A roundabout method of reading data can improve quantum memory
Researchers who hope to create quantum computers are currently investigating various methods to store data. Nitrogen atoms embedded in diamond show promise for encoding quantum bits (qubits), but the process of reading the information results in an extremely weak signal.
Now physicists have demonstrated a roundabout approach for generating a significantly stronger signal from these sorts of qubits. Their experiment is reported in the current issue of Physical Review B and highlighted with a Viewpoint in the January 19 issue of Physics.
In a quantum computer, a single bit of information is encoded into a property of a quantum mechanical system—the spin of an electron, for example. In most arrangements that rely on Nitrogen atoms in diamond to store data, reading the information also resets the qubit, which means there is only one opportunity to measure the state of the qubit. By developing a technique that involves the spin of the Nitrogen nucleus in the process as well, a team of physicists at the University of Stuttgart in Germany has turned the single step read-out into a multi-step process.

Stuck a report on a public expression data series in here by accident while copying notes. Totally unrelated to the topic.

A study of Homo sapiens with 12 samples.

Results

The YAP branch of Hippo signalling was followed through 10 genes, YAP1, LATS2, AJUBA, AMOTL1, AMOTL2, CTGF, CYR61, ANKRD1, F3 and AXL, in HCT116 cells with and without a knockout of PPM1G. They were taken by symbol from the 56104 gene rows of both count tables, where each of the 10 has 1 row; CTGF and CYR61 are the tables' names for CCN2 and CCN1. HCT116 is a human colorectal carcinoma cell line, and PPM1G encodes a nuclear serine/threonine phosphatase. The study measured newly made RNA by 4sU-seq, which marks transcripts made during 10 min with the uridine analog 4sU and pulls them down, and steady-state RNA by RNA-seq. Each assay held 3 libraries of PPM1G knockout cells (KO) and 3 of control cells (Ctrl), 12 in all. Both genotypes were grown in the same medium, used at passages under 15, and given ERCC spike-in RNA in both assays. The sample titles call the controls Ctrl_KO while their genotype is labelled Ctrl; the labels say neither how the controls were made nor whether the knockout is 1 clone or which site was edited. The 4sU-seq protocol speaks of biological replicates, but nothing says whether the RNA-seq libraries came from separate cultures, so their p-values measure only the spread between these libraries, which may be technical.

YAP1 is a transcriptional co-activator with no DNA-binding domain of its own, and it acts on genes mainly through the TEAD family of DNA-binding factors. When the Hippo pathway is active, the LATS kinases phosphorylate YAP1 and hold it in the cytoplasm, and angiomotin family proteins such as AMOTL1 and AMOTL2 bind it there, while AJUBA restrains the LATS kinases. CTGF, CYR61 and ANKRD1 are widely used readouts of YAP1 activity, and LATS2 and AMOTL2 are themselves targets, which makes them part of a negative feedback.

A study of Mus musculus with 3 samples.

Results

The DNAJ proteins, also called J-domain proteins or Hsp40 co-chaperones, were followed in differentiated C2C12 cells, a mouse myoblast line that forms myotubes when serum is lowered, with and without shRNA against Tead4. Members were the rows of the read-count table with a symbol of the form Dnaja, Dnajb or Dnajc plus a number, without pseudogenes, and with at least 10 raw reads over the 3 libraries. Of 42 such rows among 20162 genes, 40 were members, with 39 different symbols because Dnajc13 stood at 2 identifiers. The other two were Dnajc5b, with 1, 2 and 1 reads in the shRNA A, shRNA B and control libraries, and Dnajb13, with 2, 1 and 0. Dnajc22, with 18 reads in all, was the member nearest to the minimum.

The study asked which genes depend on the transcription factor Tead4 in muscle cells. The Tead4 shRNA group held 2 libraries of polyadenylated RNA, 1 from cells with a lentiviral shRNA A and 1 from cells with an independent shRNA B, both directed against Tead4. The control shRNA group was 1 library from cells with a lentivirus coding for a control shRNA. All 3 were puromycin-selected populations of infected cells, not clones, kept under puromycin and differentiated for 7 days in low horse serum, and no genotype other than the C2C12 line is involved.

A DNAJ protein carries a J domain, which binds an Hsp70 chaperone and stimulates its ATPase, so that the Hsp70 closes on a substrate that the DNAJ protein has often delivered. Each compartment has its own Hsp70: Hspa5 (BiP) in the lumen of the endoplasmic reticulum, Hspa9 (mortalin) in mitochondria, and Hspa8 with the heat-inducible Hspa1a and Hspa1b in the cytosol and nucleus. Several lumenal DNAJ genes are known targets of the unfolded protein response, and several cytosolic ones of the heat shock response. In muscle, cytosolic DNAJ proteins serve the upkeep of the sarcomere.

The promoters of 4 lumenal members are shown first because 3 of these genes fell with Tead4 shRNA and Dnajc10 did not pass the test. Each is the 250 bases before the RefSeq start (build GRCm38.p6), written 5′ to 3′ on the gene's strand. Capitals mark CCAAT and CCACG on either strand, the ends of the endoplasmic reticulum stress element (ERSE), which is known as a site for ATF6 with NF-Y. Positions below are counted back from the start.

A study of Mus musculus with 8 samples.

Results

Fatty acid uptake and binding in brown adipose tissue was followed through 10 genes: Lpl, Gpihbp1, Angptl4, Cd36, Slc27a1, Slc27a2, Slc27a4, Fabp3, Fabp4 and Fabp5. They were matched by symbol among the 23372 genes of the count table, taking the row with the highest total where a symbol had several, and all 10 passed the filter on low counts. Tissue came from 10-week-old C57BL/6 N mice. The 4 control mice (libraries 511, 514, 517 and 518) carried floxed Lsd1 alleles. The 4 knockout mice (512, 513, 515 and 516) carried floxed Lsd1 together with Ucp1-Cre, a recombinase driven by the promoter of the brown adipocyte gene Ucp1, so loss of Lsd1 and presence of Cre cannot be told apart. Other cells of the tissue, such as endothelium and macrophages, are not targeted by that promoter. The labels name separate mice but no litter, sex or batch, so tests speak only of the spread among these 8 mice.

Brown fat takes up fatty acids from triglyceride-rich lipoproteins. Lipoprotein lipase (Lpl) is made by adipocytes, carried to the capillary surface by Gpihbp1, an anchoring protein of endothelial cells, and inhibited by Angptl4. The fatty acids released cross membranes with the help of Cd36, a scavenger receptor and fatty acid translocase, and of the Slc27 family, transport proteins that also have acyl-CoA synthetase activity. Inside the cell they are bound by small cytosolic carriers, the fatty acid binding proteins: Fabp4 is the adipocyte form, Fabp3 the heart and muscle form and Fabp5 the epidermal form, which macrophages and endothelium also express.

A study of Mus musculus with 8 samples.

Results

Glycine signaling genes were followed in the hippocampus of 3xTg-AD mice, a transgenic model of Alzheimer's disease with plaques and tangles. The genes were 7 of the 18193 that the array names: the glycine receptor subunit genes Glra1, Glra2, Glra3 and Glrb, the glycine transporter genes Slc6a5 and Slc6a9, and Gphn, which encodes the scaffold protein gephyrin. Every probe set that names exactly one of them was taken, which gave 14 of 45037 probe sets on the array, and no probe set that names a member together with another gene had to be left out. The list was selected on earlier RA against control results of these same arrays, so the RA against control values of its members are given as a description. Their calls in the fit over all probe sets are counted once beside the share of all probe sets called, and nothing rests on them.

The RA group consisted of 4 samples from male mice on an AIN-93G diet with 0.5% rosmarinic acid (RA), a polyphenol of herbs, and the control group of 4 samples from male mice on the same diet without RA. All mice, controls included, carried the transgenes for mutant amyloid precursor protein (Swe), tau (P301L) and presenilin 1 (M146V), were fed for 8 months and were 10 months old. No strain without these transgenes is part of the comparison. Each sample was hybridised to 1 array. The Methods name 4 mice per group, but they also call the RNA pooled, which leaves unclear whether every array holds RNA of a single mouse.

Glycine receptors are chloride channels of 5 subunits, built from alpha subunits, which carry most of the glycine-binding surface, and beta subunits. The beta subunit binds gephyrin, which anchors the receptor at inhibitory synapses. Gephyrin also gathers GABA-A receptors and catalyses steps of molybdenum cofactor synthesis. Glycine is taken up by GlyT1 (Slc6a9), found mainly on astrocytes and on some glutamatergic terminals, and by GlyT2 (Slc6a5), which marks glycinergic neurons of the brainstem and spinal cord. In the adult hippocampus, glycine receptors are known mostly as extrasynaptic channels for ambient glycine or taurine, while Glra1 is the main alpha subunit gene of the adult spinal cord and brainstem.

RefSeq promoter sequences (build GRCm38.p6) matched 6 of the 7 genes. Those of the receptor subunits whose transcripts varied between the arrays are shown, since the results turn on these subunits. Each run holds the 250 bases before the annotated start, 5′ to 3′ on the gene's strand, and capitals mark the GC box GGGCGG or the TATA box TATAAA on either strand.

Rather than simply resetting the electron-based qubit when the information is read, the researchers discovered that they can force the state of the Nitrogen nucleus to change state twice before the information in the qubit is finally erased. The state of the Nitrogen nucleus doesn't store any useful information, it simply allows the researchers to add steps to the process of reading the qubit's state. This results in a more convoluted quantum mechanical process that triples the number of events that occur before information is destroyed, which in turn strengthens the signal revealing information stored in the qubit.
The resulting signal is still weak, but by combining other clever methods to the problem researchers might one day be able to use impurities in diamond to read and write quantum information at room temperature—which would bring us much closer to creating practical quantum computers.